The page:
Anwar must rethink his partnership with Umno-Baru
By Mariam Mokhtar, Focus Malaysia
THE beleaguered Opposition leader Datuk Seri Anwar Ibrahim has lost his mind.
He risks undermining public confidence and trust in PKR and more importantly, in Pakatan Harapan. He is mulling over a possible partnership with Umno-Baru for 15th General Election (GE15).
At a press conference on March 16, Anwar claimed that talks about working together were at a very early stage.
Why is he even contemplating this partnership? Is he testing the waters and gauging public reaction? Has he consulted his coalition partners, DAP and Amanah?
Being partners with the corrupt Umno-Baru is a betrayal of the trust and hopes of the rakyat which voted Harapan into power, in GE-14 in 2018.
The rakyat, which is long suffering and normally resistant to change, summoned the courage to reject 63 years of one-party rule and gave Harapan a chance to lead Malaysia. Why wreck Harapan’s chances in GE-15?
One cannot decide if Anwar is a stickler for punishment, has a bad memory, is an optimist, or he is just plain stupid? Umno-Baru sent him to prison, on two separate occasions, on charges of sodomy.
Last year, Umno-Baru said it would support Harapan in opposing PN’s budget 2021 and told Anwar that with their support, he would have the numbers to force a vote of no-confidence against Tan Sri Muhyiddin Yassin. Umno-Baru reneged on both and played Anwar for a fool.
The rakyat wants politicians and leaders with integrity and principles. Anwar gives the impression that he has neither, who is prepared to work with his former nemesis, Umno-Baru. Or is he doing this to satisfy his insatiable desire to be prime minister?
After his release from prison, one of the red flags which made some of us question his behaviour was the forced by-election in Port Dickson. He thought this would edge him closer to becoming PM. It did not because the then PM, Tun Dr Mahathir Mohamad, had other plans. Moreover, the Harapan supporters were displeased with Anwar’s sly move.
Anwar will be disappointed again, if he thinks that the power-hungry and ambitious senior politicians in Umno-Baru will allow him to be PM.
Umno-Baru leaders will claim that they have a greater need for power, as many of them face trial for criminal breach of trust (CBT) and corruption. They have particularly good reason to reject Anwar, once he has helped them achieve their goals.
At that, Umno-Baru politicians once denied that their previous leaders were corrupt. Why should they suddenly stand for clean politics?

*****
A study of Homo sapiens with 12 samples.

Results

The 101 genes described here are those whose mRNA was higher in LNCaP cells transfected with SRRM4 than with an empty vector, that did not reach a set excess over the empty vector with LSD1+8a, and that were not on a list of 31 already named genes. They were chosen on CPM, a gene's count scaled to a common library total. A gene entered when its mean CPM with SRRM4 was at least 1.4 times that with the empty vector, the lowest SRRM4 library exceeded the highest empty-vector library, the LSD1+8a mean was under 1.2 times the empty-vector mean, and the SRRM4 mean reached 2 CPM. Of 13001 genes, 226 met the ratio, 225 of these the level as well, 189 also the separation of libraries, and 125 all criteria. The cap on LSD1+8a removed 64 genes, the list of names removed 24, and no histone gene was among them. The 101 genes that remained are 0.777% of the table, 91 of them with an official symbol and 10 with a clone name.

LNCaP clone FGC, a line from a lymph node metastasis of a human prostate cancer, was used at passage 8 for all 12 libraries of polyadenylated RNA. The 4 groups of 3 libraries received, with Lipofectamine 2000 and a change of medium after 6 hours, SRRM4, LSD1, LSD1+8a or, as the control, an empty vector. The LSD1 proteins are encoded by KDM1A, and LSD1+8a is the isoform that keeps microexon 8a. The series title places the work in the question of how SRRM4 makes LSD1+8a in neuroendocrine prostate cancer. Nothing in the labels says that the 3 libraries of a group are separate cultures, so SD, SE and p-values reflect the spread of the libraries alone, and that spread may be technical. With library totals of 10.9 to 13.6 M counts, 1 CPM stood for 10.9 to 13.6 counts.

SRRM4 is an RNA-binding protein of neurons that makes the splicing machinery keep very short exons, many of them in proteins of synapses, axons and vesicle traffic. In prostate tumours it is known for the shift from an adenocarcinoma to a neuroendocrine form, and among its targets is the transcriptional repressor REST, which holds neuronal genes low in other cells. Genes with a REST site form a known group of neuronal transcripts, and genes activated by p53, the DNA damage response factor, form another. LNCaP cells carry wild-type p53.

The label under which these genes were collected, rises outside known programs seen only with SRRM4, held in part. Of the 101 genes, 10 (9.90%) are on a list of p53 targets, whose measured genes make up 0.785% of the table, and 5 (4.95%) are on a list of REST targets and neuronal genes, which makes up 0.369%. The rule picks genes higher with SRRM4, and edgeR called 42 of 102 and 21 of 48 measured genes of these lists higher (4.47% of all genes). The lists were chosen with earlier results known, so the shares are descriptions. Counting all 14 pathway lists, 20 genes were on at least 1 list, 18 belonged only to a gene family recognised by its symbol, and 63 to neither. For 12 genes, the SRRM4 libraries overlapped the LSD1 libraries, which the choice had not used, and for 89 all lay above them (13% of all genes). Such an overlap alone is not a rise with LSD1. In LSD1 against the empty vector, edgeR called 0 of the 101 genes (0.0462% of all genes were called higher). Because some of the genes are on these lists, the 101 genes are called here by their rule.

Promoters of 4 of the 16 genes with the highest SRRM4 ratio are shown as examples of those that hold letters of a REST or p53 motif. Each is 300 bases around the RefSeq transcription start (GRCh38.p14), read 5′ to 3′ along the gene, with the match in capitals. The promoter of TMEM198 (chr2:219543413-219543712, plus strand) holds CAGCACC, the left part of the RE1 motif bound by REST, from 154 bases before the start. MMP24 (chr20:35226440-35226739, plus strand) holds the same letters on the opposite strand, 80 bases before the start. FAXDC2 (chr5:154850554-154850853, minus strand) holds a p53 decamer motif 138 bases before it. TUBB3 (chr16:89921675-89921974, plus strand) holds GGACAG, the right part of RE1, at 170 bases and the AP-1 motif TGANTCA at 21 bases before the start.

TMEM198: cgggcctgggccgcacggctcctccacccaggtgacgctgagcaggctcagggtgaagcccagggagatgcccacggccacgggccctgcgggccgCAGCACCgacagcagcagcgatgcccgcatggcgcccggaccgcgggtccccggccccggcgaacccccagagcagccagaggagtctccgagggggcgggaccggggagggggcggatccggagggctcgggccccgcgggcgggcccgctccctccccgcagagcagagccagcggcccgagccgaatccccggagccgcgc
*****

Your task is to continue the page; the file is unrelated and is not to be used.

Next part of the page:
In fact, PKR does not need Umno-Baru, but Umno-Baru needs PKR and Anwar appears to have neglected this fact.
PAS is now Muhyiddin Yassin’s reliable ally and Umno-Baru has been pushed to the sidelines. They are desperate to be in the driving seat again, but they are not making any headway in Putrajaya. Perhaps, in GE-15, PKR/Harapan can come to their rescue again, as in Perak.
Similarly, Anwar thinks he can use Umno-Baru’s 3.4 million members to attract more Malay voters. So, what does that say about him and this partnership? Neither Anwar nor Umno-Baru are working for the good of the rakyat. Both have personal and selfish reasons, which do not include good governance, democracy or getting rid of corruption.
PKR has seen several defections since GE-14. Both men and women with no integrity were enticed to cross-over with promises of money, position and perks. The defections also reveal Anwar’s poor leadership qualities, and the lack of party discipline and teamwork. Possible defectors were not watched and told to leave while those of low integrity were allowed to hold positions of power.
Remember how people of questionable character, like his former aide, Saiful Bukhari-Azlan, who worked closely with Anwar? Was he fully vetted? In the end, Saiful was responsible for Anwar’s imprisonment on charges of sodomy. This is another of Anwar’s flaw, poor judgement of character.
The only good thing from the defections is that it should make the task of cleaning up PKR easier for Anwar. A smaller party is easier to manage.
Instead of making his party leaner and mean, and subject its members to strict discipline and rules, Anwar is toying with the idea of inviting corrupt Umno-Baru to be its partner. Is Anwar delusional?
Amanah’s communications director, Khalid Abdul Samad, advised Haparan not to work with its traditional enemy, Umno-Baru, which he said is synonymous with racism, corruption, and power abuse. Will Anwar listen?
Anwar is no leader. He failed to learn his lessons, even after Umno-Baru failed him in the past. Perhaps, it is time that both PKR and Harapan identify a new leader or start grooming one from within their ranks.
Only one question needs to be asked: “Should Anwar stay, or should he leave?”